Weekend Reading: Happy New Year 2018 Edition

Weekend Reading: Happy New Year 2018 Edition

Happy new year and welcome back to another edition of weekend reading – the first of 2018! We’ve got a lot in store for you this year as we continue to share our money stories and help you achieve your financial goals. As always, we’re happy to take your topic suggestions so leave a comment below or contact us by email and we’ll see if we can turn your question or idea into a story.

I have a number of goals that I’d like to achieve this year.

On the financial side I’m hoping to max out my RRSP contribution room by depositing $3,300 before the RRSP deadline. From there, due to the pension adjustment, I’ll only get to contribute about $3,600 per year going forward. I’ll set up automatic monthly contributions to hit that target each year.

I’ll also continue to add $1,000 per month to my TFSA to catch up on unused contribution room and build up that tax-free portfolio.

We’ll keep maxing out contributions to our kids’ RESPs, putting away $416.66 per month into TD’s e-Series funds for their education.

Finally, our mortgage will be up for renewal in September so we’ll be on the lookout for the either the best discounted 5-year variable rate or the best 1-or-2-year fixed rate. Rather than trying to predict the future, I prefer to go with the cheapest option at the time, a strategy that has proven to save money on mortgage interest nine times out of 10.

Personally, I’m going to attempt to run my first half-marathon in Calgary this spring. Running has become a big part of my life in the last 18 months and so I’m looking forward to this next challenge.

Now on with the links!

This Week(s) Recap:

I closed out 2017 with a net worth update and revealed year-over-year gains of more than $100,000!

On Monday Young & Thrifty’s Kyle Prevost stopped by to ask whether you should be a DIY online investor.

On Wednesday Marie says January is a good month to do these four things with your finances.

And on Friday Marie listed seven income splitting strategies for families.

Over on Rewards Cards Canada I revealed exactly how much I earned from credit card rewards in 2017.

Stay tuned next week for a peek inside my portfolio as I post my personal rate of return for 2017.

Weekend Reading:

Mr. Money Mustache with a well-researched rant on why Bitcoin is stupid.

A Wealth of Common Sense blogger Ben Carlson on when things don’t make any sense:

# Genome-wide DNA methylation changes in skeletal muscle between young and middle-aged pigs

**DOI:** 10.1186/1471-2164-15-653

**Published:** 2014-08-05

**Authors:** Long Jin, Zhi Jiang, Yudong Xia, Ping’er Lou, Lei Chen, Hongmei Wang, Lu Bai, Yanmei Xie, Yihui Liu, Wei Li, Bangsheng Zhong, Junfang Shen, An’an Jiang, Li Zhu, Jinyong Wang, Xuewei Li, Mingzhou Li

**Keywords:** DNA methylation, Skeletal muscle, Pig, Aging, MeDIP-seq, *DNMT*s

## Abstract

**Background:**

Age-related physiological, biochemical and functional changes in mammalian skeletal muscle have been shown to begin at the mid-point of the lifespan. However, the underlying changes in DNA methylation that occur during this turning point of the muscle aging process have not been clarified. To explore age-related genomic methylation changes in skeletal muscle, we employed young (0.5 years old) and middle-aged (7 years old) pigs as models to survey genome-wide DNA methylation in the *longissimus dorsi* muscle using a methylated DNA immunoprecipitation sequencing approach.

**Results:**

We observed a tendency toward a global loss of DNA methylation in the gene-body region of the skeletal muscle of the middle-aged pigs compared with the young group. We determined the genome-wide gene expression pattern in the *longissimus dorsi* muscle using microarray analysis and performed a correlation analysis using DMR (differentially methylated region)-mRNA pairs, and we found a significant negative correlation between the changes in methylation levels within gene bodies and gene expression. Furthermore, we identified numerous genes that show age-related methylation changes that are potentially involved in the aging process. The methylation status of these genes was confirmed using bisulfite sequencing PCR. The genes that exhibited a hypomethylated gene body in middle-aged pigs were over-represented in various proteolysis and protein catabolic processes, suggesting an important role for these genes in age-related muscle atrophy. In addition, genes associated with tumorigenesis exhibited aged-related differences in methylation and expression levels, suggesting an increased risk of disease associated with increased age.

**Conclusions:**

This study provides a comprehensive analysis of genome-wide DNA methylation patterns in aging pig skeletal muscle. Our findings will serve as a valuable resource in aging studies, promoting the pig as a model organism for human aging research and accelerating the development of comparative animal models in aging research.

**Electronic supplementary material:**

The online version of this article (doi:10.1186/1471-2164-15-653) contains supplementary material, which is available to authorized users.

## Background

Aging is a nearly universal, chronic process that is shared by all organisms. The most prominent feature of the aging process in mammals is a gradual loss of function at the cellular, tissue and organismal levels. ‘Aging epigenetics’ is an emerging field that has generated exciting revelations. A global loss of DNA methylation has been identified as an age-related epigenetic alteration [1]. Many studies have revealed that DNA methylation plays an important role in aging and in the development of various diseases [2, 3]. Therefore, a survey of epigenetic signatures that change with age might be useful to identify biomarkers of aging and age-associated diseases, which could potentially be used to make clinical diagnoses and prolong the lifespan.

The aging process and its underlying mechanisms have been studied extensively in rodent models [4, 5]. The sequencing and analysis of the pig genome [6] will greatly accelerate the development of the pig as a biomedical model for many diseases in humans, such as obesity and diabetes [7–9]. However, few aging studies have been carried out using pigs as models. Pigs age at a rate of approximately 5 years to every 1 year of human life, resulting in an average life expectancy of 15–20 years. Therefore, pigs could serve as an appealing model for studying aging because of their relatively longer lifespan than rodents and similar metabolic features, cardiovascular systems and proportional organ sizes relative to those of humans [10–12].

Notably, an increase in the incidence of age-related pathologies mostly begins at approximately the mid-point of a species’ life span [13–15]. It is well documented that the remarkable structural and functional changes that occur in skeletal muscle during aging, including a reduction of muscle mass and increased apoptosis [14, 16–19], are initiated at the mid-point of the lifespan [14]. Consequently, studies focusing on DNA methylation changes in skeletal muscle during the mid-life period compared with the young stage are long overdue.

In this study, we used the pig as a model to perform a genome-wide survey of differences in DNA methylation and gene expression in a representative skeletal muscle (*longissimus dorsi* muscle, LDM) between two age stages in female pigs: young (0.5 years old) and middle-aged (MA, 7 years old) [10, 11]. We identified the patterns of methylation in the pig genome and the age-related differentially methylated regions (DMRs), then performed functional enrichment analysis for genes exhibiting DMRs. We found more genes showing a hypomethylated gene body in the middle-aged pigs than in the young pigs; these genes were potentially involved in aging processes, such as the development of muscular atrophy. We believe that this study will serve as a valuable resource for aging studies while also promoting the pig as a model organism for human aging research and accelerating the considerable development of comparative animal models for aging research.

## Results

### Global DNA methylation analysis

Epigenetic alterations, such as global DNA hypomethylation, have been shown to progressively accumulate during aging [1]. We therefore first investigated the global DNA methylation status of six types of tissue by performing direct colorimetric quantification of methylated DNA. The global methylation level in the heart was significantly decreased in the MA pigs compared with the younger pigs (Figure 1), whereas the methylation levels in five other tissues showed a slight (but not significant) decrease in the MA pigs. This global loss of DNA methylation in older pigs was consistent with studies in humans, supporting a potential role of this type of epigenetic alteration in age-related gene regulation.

“I do think when all is said and done we’ll be adding cryptocurrencies to the list of history’s biggest speculative manias.”

Here’s why investing at the start of the year is so important. (Have you made your TFSA contribution yet?)

Jonathan Chevreau on how seniors can use TFSAs to have more in retirement.

Another gem from Morgan Housel, all about making history by doing nothing.

“When you hear rare stories about mom-and-pop investors letting their investments compound for decades, you are witnessing people making history by doing nothing.”

Ever the optimist, Warren Buffett shares the secrets to wealth in America in this essay for Time Magazine.

A cool story from Andrew Hallam about an early retirement paradise that’s way outside the box.

If you’ve won the game, stop playing: Why you should stop taking investment risks once you’ve reached financial independence.

Solid advice here from Jason Heath on what to do when you take over a parent’s finances.

Reaching your financial ‘tipping point’ is a must if you’re planning to live to 100 (aren’t we all?).

Worried parents are buying homes for their school-aged kids in Vancouver and Toronto, likely on the bad advice from guys like Brad Lamb:

“Mr. Lamb says he recently bought his five-year-old a condo. “It’s 800 square feet – I paid around $450,000,” he says. “When she’s 20 in 15 years, that will probably be worth $3-million.”

Don’t bank on it.

Speaking of bad advice, here’s how some financial advisors lay termites in your home.

Author Cass Sunstein says don’t underrate the power of the default option, which decides what happens if people do nothing at all.

Finally, Ellen Roseman explains all you need to know about the $25 Loblaw card, which opens for registration on January 8th.

Have a great weekend, everyone!


    Hope, you will be able to catch up on TFSA. Good luck with running that marathon in spring!

  2. Jan on January 7, 2018 at 9:16 am

    I read the article ‘If you’ve won the game, stop playing’ with interest. I am at this point and am finding it hard to transition. Would Robb or Marie be able to address this situation from a Canadian perspective? Due to the dividend tax credit in Canada, I think it would result in a hefty tax bill to move out of stocks to fixed income in order to protect what you have, both with the capital gains and the ongoing tax on interest income. I have a large non-registered account, as well as a fully funded TFSA and a healthy RRSP.

    Thanks for considering this topic for a future column.

    • Richard on January 7, 2018 at 11:04 am

      I’d consider how much more time you have. I’m aiming to have big enough returns (and savings) that I can handle the extra risk, which then allows my investments to grow more and give me even more safety. But if the time and amount are too close to the minimum you need that wouldn’t work.

  3. Nat on January 8, 2018 at 3:53 am

    Looking to find out what people think about segregated funds. Are they a worthy investment? What are better alternatives? Thanks in advance

  4. Guy in Calgary on January 9, 2018 at 3:29 pm

    You doing the Banff half marathon? See ya there.

    • Echo on January 14, 2018 at 9:42 am

      @Guy in Calgary – Nope, the Calgary Marathon in May. I’d love to do the Banff half marathon one day, though. Good luck!